Labour leader Alan Kelly says a move to only allow vaccinated people access indoor dining is 'absolutely bananas' and discriminatory.
It comes as the return of indoor activities is being delayed by at least two weeks.
Taoiseach Micheál Martin earlier said the country is in a race between the vaccine rollout and the Delta variant.
A number of indoor activities had been due to resume from next week, but those plans have been postponed.
Indoor dining is expected to open to fully vaccinated people or those who have recovered from COVID sometime after July 19th, with a system for managing it being worked out over the coming weeks.
Mr Kelly told The Hard Shoulder it will see a situation where hospitality will be offered to vaccinated people by unvaccinated workers.
"I believe, as I said in the Dáil, what they're doing now is discriminatory.
"And what they should have done is, effectively, said 'Look we know we've an issue here, we know that we have to deal with it'.
"And the way to deal with it is have all the pharmacies across Ireland administer the Janssen vaccine immediately - which is here, present, we have them and we'll have more.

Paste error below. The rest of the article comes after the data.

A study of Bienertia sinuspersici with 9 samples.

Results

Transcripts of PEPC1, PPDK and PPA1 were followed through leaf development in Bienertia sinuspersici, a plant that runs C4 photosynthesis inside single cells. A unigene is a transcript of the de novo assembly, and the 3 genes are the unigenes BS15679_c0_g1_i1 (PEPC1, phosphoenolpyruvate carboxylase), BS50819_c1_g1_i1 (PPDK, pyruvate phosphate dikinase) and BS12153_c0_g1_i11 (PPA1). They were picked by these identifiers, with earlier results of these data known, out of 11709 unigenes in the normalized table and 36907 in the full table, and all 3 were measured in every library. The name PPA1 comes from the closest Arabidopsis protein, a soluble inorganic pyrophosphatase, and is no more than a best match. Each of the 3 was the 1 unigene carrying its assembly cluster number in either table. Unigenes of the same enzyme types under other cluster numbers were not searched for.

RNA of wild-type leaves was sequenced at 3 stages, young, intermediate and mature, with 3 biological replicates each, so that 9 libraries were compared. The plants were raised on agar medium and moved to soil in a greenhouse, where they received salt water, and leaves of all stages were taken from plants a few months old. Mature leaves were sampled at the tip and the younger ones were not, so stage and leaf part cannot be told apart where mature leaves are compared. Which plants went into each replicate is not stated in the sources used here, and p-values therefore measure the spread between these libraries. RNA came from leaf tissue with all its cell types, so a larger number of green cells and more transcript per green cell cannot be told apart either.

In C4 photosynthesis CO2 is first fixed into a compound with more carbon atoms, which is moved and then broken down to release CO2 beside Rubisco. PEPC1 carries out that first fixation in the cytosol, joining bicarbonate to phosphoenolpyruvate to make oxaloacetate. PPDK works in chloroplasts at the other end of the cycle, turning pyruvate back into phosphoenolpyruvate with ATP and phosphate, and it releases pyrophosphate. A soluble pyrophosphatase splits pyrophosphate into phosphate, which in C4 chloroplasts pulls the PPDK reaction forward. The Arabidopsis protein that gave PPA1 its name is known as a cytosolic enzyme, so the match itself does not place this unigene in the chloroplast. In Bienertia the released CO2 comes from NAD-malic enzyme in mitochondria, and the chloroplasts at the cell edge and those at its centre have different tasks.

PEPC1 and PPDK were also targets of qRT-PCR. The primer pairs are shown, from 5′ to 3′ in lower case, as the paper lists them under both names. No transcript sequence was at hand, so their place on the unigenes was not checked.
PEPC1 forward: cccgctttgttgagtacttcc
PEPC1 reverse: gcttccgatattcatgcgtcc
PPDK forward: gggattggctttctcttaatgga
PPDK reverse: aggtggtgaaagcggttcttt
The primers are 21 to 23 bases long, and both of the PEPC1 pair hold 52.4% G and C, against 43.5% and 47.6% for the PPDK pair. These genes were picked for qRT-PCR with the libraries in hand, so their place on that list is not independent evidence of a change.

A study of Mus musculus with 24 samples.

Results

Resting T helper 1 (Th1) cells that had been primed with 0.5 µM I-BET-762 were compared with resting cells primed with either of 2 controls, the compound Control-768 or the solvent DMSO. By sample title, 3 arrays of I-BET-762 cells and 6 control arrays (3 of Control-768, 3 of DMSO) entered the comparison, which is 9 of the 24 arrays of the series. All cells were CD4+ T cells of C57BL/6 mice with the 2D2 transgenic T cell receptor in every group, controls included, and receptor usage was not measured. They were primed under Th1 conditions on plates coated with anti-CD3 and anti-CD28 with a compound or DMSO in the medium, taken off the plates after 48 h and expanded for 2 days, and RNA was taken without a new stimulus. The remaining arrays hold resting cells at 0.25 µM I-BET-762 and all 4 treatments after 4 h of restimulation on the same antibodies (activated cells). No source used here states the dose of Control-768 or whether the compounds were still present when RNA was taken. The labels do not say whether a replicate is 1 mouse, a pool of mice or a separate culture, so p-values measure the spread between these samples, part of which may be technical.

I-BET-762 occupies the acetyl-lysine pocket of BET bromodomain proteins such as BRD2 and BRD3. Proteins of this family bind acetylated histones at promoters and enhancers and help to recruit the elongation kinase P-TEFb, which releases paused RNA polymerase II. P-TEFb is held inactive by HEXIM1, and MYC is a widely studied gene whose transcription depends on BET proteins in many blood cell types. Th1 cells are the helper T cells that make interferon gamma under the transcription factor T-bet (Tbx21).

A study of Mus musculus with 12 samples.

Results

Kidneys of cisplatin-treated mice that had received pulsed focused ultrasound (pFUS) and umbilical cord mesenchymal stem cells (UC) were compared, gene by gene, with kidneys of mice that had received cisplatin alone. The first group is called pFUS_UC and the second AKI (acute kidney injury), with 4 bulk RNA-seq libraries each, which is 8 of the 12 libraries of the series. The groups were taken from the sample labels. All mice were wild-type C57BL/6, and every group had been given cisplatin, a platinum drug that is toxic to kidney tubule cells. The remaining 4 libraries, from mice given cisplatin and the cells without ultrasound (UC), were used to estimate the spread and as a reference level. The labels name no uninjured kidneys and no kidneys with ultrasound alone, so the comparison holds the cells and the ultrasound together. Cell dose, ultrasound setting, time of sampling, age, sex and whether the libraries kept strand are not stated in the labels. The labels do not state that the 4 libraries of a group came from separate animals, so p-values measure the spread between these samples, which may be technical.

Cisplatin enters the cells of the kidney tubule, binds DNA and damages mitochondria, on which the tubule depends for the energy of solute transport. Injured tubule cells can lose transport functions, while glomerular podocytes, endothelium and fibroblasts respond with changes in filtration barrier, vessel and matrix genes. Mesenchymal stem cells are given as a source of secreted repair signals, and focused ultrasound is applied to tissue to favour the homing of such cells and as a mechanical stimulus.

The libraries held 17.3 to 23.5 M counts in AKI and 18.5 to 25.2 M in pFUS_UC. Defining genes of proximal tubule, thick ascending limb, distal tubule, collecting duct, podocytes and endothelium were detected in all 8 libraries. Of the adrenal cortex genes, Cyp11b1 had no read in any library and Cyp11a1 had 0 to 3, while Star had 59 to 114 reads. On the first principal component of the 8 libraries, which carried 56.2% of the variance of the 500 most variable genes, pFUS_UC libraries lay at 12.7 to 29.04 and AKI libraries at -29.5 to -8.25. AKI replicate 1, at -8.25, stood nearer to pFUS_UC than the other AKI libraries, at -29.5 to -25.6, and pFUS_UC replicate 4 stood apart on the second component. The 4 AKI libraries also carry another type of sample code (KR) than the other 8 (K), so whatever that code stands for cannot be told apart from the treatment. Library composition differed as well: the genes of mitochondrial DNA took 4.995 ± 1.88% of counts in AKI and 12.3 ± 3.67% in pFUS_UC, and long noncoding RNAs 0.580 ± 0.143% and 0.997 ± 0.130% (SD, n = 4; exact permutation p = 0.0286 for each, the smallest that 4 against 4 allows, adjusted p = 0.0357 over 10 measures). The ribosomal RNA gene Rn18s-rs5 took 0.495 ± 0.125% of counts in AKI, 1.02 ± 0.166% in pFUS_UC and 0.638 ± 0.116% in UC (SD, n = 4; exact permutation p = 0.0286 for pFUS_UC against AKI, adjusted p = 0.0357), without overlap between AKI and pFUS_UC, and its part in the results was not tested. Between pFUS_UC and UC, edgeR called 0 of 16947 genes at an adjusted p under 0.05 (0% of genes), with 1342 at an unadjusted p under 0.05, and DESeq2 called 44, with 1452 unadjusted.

"And also [for] mass vaccination centres to go to AstraZeneca.
"In two weeks' time, we were going to be at 70% one dose and 50% two doses.
"In two weeks' time, if we did what I just said, we'd be up to 55/56 or 75/76.
"We'd have two more weeks of data and then we'd be able to make an assessment - that's what I think they should have done".
'They'll have to reverse on this'
Mr Kelly says they were right not to re-open hospitality on July 5th, but what is proposed is unworkable.
"I wouldn't have an issue if they actually came and said 'Look, we need a few more weeks because of what's arising here'.
"That's what I think they should have done - what they're proposing now is insane, it is absolutely bananas.
"And I can tell you, having spoken to a number of people in the Government at the Cabinet table, they believe that this will probably have to be jettisoned, they'll have to reverse on this.
"It's unenforceable and it can't work.
"You're going to have a situation here where... you're going to have basically hospitality for the vaccinated provided by the unvaccinated."
He says the decisions being made do not seem to be based in law, and parameters need to be set for NPHET.
"Whatever advice you give us has to be based in Irish and European law - we have to operate within law - and the second one is whatever you advise we're not going to discriminate.
"That did not happen, those parameters are not set out.
"The ridiculous situation now where the public advice is that people who aren't vaccinated shouldn't travel - but we all know that European law trumps it and they can travel".
The announcements followed a stark warning from the National Public Health Emergency Team (NPHET) about the risks posed by the Delta variant.
The health body warned the Government that in a worst-case scenario, Ireland could see more than 2,000 deaths COVID-19 related deaths by September.
However a more optimistic projection it put the number of deaths at 165.